Churches and individuals urged to organise submissions on the End of Life Choice Bill

by | 10 Jan 2018 | 0 comments

Churches and individuals urged to organise submissions on the End of Life Choice Bill

by | 10 Jan 2018 | 0 comments

NZ Christian Network is advising everyone who is concerned about euthanasia being legalised in New Zealand to make sure that they send a submission to the Justice Select Committee. This matter is now very time-sensitive: Submissions to the Select Committee have been extended and close at midnight Tuesday 6 March 2018.

The End of Life Choice Bill, which has already passed its first reading in Parliament, poses a major threat to the well-being of New Zealand society”, says Dr Stuart Lange, the interim National Director of the New Zealand Christian Network.

“Allowing individuals the freedom to choose euthanasia rather than endure possible future suffering seems like an attractive option to many in our society, which places such a premium on individual freedom. Over time, however, State-sanctioned provision for medically-assisted suicide would inevitably dangerously compromise society’s commitment to the compassionate care of those who are terminally ill, disabled, elderly, or depressed. Instead of society valuing and supporting the lives of vulnerable people, there would be a growing tacit encouragement for such people to choose to have their lives ended. As has happened in some other countries, voluntary euthanasia would inescapably lead to the increasing incidence of involuntary euthanasia, the ultimate breach of human rights.”

As a Christian organisation, New Zealand Christian Network obviously holds strongly to the value of every human life. But we are by no means alone in that. Our whole society is predicated on a commitment to human life, and on respect and compassionate care for vulnerable people. So is our medical system, which we currently trust to care rather than to kill. This bill puts all that in grave jeopardy.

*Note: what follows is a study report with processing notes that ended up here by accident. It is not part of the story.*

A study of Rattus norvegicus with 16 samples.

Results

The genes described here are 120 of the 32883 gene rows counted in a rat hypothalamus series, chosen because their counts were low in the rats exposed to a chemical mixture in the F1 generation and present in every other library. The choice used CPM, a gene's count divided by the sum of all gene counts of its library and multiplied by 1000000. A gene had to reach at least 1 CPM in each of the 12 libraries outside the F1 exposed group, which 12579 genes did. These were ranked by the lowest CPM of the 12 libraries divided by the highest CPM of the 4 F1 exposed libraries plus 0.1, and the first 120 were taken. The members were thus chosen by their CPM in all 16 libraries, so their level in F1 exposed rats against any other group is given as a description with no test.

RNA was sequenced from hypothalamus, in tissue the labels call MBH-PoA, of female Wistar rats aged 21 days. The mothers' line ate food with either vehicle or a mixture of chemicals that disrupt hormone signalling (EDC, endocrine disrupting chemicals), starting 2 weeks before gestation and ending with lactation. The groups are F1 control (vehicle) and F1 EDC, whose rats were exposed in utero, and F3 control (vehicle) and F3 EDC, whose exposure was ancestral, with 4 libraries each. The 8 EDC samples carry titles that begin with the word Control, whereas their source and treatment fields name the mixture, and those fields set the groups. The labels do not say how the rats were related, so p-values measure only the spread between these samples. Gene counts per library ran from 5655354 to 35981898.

We believe the End of Life Choice Bill is unnecessary. The vast majority of people, including those with terminal illness, do not in fact die in great pain, and New Zealand’s palliative care system is well able to prevent most extreme pain.

Dr Lange adds: “In the cause of individual freedom, and with an avoidance of all safe-guards, the Seymour Bill could readily leave New Zealand society wide open to all the most chilling effects of euthanasia. If New Zealand must have euthanasia – which we ourselves believe is neither necessary nor ethical – then this is the worst possible bill to introduce it. The wording of this bill would mean that the State would in effect be providing medically-assisted suicide on demand, not just for terminally-ill people, but for anyone who felt they had a ‘grievous’ condition and requested help to die.”  

The Justice Select Committee needs to hear from thinking members of the public. The reality is, if people do not make a submission, silence is interpreted as assent. 

New Zealand Christian Network urges churches and individuals to make a submission.